SHAKESPEARE, DICKENS, AND THE BIBLE SELECTION FROM ASSORTED STORIES COMING SOON FROM MORAN PRESS *WARNING FOR GRAPHIC VIOLENCE
I always knew I would do it. It was destined. From the moment I laid down on her couch I knew what would happen.
The state committed me because of my many problems. I was sent for four long, excruciating months, to stay at The Animal Farm Psychiatric Treatment Center. Maybe it was four years, I don't remember.
The male nurse led me down a long gray hallway and told me about the woman shrink I was going to meet. When the nurse opened the door to her office I was in for a shock. Or maybe the shocks came later. I don't remember.
I do remember her sitting beautiful behind her cheap wooden desk. Her long black hair flowed over her shoulders, down onto the swell of her breasts. Her dark brown eyes beamed, as did her face, all a glow in self-health. She looked up at me, our eyes meeting and I fell in love before she said a word.
"Hello," she said. “My name is Katherine. You may call me Kate."
"Call me Burt," I said.
"Burt?" she asked.
After we had our names straight she told me to sit on the couch, so I did. It was a plain black couch, nothing special to look at. The ceiling was far more interesting. I traced over the cracks in my mind to make shapes that didn't mean anything. Then she started asking me questions, private type questions that I didn't intend to answer. So I didn't.
It took about six weeks for something to happen. At first I sat on her black, plain couch watching her body, waiting for the sessions to be over. I was eager to get back to my drugs. She had to dig for every response from me.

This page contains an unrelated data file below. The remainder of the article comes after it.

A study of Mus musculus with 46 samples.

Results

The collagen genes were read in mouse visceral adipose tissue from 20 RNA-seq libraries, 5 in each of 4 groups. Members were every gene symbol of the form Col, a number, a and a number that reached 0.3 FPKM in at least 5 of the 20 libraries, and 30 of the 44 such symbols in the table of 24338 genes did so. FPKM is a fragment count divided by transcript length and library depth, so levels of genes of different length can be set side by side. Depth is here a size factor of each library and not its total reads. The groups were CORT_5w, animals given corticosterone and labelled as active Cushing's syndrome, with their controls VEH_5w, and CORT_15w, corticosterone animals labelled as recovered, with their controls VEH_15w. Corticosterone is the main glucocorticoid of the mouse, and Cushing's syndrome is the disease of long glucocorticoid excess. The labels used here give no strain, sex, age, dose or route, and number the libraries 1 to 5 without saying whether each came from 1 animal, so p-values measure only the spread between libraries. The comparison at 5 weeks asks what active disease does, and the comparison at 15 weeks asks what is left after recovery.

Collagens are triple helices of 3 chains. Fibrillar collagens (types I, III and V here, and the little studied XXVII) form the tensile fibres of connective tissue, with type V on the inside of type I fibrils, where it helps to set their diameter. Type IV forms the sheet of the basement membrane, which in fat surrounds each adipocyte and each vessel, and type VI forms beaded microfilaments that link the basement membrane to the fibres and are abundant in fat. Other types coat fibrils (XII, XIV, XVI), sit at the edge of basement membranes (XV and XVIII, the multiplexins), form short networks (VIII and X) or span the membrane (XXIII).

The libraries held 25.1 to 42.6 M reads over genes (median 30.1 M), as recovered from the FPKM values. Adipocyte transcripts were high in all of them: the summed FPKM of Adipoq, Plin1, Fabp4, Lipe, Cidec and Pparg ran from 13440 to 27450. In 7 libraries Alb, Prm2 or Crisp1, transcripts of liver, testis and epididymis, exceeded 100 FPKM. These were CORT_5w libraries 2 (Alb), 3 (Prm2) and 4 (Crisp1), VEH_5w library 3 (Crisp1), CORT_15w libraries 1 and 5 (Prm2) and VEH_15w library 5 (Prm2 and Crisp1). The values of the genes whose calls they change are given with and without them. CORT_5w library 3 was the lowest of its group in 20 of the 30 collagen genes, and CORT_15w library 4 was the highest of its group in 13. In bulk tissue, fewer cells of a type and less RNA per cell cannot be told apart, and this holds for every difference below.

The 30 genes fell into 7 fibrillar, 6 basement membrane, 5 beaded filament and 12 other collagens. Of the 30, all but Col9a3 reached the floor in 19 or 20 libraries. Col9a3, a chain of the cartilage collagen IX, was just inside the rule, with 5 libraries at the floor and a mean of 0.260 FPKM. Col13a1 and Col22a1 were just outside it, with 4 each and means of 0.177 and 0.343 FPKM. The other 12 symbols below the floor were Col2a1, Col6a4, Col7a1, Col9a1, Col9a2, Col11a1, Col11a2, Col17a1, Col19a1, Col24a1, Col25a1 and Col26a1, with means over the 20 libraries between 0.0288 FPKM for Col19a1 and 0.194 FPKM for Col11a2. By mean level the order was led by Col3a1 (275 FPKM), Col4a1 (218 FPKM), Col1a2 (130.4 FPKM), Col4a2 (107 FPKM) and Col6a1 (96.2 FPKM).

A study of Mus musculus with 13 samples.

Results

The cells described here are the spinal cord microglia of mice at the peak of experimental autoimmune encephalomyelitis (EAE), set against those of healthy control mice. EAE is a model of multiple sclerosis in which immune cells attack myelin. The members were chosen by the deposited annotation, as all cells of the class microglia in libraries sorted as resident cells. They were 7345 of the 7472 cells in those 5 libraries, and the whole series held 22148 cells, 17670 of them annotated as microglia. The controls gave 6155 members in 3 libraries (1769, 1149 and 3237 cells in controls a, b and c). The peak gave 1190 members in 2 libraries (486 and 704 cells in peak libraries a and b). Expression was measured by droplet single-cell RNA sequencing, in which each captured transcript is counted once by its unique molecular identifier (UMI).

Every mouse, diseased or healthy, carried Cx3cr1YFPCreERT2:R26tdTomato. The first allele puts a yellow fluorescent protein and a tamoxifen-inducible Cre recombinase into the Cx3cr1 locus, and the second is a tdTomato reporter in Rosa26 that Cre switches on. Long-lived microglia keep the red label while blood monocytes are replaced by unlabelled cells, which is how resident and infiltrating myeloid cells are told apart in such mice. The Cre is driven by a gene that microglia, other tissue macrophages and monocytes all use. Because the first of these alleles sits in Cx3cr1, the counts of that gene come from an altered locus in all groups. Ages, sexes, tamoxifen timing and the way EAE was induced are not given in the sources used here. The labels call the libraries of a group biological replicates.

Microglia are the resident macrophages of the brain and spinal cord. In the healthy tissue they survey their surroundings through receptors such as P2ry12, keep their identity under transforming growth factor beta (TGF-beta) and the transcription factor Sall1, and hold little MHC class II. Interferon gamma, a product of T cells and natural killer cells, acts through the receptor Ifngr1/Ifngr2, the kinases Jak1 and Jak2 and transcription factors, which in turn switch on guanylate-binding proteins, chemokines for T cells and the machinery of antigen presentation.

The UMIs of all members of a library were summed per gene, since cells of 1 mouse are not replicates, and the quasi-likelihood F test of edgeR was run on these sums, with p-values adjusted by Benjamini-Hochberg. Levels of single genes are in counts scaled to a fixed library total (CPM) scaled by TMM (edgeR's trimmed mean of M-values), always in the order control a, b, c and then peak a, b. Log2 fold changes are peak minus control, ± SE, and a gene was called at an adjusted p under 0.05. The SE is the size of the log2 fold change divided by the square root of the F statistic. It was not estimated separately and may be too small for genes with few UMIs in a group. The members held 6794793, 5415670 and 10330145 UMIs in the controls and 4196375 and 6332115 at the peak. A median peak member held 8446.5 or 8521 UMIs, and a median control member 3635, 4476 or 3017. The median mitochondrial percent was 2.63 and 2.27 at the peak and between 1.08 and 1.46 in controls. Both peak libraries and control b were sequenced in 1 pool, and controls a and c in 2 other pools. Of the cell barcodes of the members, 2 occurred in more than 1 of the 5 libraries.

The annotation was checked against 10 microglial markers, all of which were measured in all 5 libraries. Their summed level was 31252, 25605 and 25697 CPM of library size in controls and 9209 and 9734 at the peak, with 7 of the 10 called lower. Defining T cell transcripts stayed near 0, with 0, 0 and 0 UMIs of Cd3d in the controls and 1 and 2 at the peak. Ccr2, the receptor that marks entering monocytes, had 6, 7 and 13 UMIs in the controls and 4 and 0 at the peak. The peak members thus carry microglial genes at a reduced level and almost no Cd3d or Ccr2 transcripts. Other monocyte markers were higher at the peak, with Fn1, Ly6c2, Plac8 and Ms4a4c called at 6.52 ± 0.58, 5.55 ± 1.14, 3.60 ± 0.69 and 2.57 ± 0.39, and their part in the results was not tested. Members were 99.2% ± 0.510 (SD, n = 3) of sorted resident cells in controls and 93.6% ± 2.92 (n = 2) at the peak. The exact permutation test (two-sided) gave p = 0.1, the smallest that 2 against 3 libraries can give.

During one session she told me that I was the most interesting patient she had ever counseled. I wasn't sure how to take that. I guess it could have been a compliment, but I took it as an insult. I asked her what she meant, but she didn't answer, she just smiled.
Her smile drove me crazy and she knew it. She was the most beautiful woman I had ever known. I wasted away most of my sessions memorizing her face.
In one session she wore a tight mini-skirt with a matching tight black blouse, with black stockings and high heeled shoes. She was the picture of my fantasy, the one I had described to her in many previous sessions.
She sat close without touching me. I felt a terrible tingling sensation in my groin that begged to be heard. I tried to get up, but she held me down with her painted fingernails, gently digging them into my chest. She caressed my chest with thin, delicate hands.
"Just stay still."
That was all she said. Her voice seemed out of place, lost in space somehow. The session ended and within days I was released.
READ THE REST IN AN UPCOMING ANTHOLOGY - PUBLISHED SOON BY MORAN PRESS (A MINI-COLLECTION OF SHORT FICTION).
In post-war Canada during the late 1940s, Elly McGuinty and her younger sister, Dot, are newly orphaned. The girls are sent to live with their grandparents in a small prairie town. Still grieving the loss of her parents, Elly chafes at the responsibility of helping care for Dot and struggles to find a place for herself in her new life. When a travelling circus comes to town, Elly’s desire for new experiences leads her, Dot, and new friend Stammer - a shy boy mocked for his halting voice - down a path where lives are altered forever.
Gabriel Ricard’s 2nd poetry book is about coming to terms with the good, the bad, and the reliably hideous. The world is a badly run 1890s-style asylum, but at least there’s a lot of good stuff on TV. Love and Quarters goes deep into love, depression, high adventures in the great outdoors, and whatever the hell else may happen while in transit.